Wednesday, November 01, 2006
[excuse the bad pun]
I should have posted this a month ago, when the editorial cartoons first came out. P. Lee's comment to my post on Jan Wong spurred me to respond. My position still holds on the Jan Wong and her editorial. After hearing her interviewed, where she said that her editor pushed her to add a thesis, and after seeing the Globe and Mail's lame response to the criticism of the article, my opinion of that publication only sinks deeper.
However, the editorial cartoons that showed up in Le Devoir and Le Journal were just as bad and completely substantiated Wong's later explanations of what she wrote. The link between language laws and Quebec culture to the alienation of those psychos is preposterous. But there is a level of racial ignorance and insensitivity in Quebec. With the growth (and encouragement) of immigration and some efforts in the media and government, it is getting slightly better. But for someone from western Canada, I am sometimes quite shocked by the things that pass as acceptable here.
The editorial cartoons depicted a caricatured Jan Wong going through fortune cookies to learn about Quebec (in the Le Devoir version) or reading aphorisms about good journalism (in the Le Journal version). The one in the tabloid Le Journal was the first one I saw and the portrayal of Jan Wong was frankly offensive. Buck teeth, super slanty eyes. The one in Le Devoir (pictured above) is not as extreme. Their defense was that it is a caricature and that the point is to exaggerate features. They have absolutely no sense that honing in on the stereotypical ethnic differences (the fortune cookies) is racist. I am pretty sure an image like that would not fly in english Canada.
Now I am not saying that somehow english and western Canada is any less racist than Quebec. I have seen some of the ugliest incidents of racism in my life in Vancouver. Growing up in Nanaimo, chink and paki were the standard way for many people to refer to the few Vietnamese or Sikh students in our school. But I think there is an ignorance in Quebec based on the homogeneity of the population. Outside of Montreal, there just aren't many people who aren't french-speaking and white. And they cling to an older world where those kinds of distinctions are important. At my french school, one of the teachers was referred to as "the Belgian". He had moved to Quebec from Belgium when he was 9 in the '50s!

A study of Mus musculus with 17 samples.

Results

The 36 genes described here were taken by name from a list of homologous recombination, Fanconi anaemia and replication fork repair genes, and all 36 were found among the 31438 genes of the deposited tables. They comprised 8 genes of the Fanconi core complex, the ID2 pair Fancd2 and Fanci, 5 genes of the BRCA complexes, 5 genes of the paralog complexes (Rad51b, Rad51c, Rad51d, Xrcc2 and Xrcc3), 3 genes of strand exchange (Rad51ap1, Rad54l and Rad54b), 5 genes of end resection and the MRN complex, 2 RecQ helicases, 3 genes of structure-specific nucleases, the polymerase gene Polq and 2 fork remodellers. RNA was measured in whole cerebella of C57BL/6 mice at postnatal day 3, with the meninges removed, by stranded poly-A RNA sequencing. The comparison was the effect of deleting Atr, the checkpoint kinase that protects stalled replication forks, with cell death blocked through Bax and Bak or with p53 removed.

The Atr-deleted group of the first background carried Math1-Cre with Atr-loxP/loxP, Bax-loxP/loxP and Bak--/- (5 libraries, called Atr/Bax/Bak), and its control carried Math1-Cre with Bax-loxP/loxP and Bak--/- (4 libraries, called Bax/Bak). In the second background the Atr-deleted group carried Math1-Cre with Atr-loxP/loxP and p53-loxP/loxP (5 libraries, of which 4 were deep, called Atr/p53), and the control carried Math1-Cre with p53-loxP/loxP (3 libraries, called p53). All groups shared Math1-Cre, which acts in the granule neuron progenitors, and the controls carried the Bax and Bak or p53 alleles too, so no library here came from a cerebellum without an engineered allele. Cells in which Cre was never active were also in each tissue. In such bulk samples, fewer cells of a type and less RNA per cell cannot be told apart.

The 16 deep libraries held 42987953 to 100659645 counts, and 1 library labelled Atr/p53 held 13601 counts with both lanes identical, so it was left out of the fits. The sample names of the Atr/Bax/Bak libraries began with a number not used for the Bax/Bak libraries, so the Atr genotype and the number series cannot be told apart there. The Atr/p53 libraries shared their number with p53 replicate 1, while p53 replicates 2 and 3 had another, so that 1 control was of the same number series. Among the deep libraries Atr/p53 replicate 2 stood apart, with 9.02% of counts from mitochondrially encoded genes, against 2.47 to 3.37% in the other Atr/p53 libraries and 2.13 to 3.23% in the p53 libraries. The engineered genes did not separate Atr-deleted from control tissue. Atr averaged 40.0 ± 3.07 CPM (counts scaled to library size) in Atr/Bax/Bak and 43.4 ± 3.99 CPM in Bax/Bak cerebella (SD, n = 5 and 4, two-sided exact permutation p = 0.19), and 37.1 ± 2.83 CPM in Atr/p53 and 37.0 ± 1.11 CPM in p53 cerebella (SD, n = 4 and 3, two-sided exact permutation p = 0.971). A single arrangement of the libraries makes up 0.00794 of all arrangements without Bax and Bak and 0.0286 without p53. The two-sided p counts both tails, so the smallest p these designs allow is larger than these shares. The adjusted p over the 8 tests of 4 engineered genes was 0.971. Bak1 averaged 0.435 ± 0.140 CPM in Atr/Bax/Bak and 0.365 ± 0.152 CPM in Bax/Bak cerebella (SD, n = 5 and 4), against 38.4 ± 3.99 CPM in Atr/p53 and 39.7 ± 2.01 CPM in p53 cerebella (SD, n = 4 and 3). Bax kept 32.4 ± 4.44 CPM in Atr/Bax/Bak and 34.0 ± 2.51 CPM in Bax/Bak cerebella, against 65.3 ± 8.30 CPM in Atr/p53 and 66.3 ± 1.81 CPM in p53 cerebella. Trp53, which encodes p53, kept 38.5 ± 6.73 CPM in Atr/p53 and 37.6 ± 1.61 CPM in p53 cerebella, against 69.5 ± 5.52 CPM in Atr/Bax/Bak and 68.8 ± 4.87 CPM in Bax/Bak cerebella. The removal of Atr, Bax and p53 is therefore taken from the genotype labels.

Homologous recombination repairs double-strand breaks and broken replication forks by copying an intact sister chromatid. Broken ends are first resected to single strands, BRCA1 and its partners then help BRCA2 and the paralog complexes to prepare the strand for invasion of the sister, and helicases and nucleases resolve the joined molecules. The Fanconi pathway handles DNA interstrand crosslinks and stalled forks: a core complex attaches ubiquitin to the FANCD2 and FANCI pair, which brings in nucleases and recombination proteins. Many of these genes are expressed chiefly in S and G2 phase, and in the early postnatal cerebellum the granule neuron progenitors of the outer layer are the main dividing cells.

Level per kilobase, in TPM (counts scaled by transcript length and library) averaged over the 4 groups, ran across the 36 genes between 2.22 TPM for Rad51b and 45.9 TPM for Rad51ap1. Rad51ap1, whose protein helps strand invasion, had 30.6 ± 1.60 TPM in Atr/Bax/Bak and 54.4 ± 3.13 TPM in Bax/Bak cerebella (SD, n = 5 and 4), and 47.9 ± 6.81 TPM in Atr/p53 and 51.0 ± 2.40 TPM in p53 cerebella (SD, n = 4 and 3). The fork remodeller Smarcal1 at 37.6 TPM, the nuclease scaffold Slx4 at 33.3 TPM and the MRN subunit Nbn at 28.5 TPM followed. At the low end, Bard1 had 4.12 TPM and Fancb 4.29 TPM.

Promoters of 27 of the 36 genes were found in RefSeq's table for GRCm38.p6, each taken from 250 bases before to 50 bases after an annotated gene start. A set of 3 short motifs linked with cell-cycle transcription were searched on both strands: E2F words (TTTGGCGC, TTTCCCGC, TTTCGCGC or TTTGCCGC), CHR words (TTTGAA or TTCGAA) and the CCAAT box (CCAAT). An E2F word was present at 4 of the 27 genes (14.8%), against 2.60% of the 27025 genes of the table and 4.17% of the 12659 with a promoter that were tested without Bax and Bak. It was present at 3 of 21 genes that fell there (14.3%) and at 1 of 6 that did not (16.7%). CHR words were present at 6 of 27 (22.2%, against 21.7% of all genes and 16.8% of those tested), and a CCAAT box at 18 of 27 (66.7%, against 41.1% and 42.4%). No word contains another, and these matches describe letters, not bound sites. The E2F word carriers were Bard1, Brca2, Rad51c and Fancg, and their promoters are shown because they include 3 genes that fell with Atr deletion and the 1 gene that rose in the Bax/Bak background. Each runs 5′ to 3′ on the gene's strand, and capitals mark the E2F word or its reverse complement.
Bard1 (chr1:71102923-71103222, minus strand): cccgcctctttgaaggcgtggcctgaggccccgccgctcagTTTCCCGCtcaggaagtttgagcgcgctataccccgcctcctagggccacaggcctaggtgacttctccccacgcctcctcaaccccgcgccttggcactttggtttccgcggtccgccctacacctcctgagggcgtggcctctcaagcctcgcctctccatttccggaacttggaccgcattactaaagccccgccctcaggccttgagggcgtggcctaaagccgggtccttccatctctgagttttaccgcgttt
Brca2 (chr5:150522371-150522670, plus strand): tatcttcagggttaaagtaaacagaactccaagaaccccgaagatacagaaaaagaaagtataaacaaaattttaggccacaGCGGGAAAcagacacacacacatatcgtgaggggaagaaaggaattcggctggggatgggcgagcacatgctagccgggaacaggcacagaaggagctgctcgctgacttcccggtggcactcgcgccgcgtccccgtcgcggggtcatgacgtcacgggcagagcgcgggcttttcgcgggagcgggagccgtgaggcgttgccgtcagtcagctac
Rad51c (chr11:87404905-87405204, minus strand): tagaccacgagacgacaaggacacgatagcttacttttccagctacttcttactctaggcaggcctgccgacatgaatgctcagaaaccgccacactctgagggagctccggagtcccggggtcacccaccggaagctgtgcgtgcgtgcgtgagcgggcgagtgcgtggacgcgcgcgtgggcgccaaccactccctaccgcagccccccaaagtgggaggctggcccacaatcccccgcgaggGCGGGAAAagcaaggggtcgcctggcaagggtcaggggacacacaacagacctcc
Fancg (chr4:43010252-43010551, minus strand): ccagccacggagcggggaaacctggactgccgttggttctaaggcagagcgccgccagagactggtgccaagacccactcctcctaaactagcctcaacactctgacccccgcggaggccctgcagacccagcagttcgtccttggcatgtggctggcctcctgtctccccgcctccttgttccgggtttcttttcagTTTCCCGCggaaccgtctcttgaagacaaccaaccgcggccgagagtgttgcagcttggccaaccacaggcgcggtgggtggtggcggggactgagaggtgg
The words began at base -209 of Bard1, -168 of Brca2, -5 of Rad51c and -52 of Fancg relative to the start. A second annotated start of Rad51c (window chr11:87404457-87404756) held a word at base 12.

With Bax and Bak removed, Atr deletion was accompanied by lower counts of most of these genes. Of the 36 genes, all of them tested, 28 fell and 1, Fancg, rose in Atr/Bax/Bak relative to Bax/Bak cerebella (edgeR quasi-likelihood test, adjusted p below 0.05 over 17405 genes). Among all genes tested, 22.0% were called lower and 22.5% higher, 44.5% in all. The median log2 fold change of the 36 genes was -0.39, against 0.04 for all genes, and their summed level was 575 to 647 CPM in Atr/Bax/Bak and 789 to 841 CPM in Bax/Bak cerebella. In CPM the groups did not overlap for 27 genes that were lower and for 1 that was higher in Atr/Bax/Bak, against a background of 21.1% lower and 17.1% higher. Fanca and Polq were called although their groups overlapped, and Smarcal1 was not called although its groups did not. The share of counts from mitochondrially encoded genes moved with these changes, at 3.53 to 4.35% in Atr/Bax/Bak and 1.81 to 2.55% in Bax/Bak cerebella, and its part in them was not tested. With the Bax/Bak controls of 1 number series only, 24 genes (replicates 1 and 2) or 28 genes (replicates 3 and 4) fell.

I can relate to numerous instances of that kind of classification and ignorance that I have seen happen here. My girlfriend is of chinese descent and she is constantly remarking on how white it seems here. A security guard said "konichiwa" to her when taking our tickets at a museum. When I was in the lineup for Fantasia tickets, I got in a conversation with a guy. We talked for quite a while and when my girlfriend showed up he seemed visibly embarrassed. After she left, he got all weird and asked me all these questions about where she was from. I had a realtor who was recommending me a banker say, "I should tell you he is asiatic". One of my friends thought it was acceptable in english to say "Red Indian". Whenever Le Journal reports upon crime, it always mentions the race of the criminals if they are black, but doesn't if they are white.
All of these incidents are awkward and disturbing, but they are marked by a naiveté rather than any malice. I touched upon this in an earlier post and someone pointed out that this is a society that only opened its doors a generation ago. It is a beat behind the rest of Canada in the assimilation of immigrants and other cultures. So it is understandable, especially at the individual level. But when the major newspapers stoop to ethnic stereotyping to respond to insults against their culture, then we are moving from ignorance into outright racism. And it does nothing to address the problem.
This is what is so frustrating about this whole incident. Instead of using this as an opportunity to accept a bit of criticism and find ways to improve, both parties just got defensive and dug in. The Globe and Mail refuses to admit there is anything wrong with running an exploitative, badly-researched and judgemental article on their front page. Jan Wong acts all wounded and innocent. The Quebecois media reacts to criticisms of their culture by throwing out racist cartoons and then saying they are just caricatures. Come on, Canada. We can do a lot better.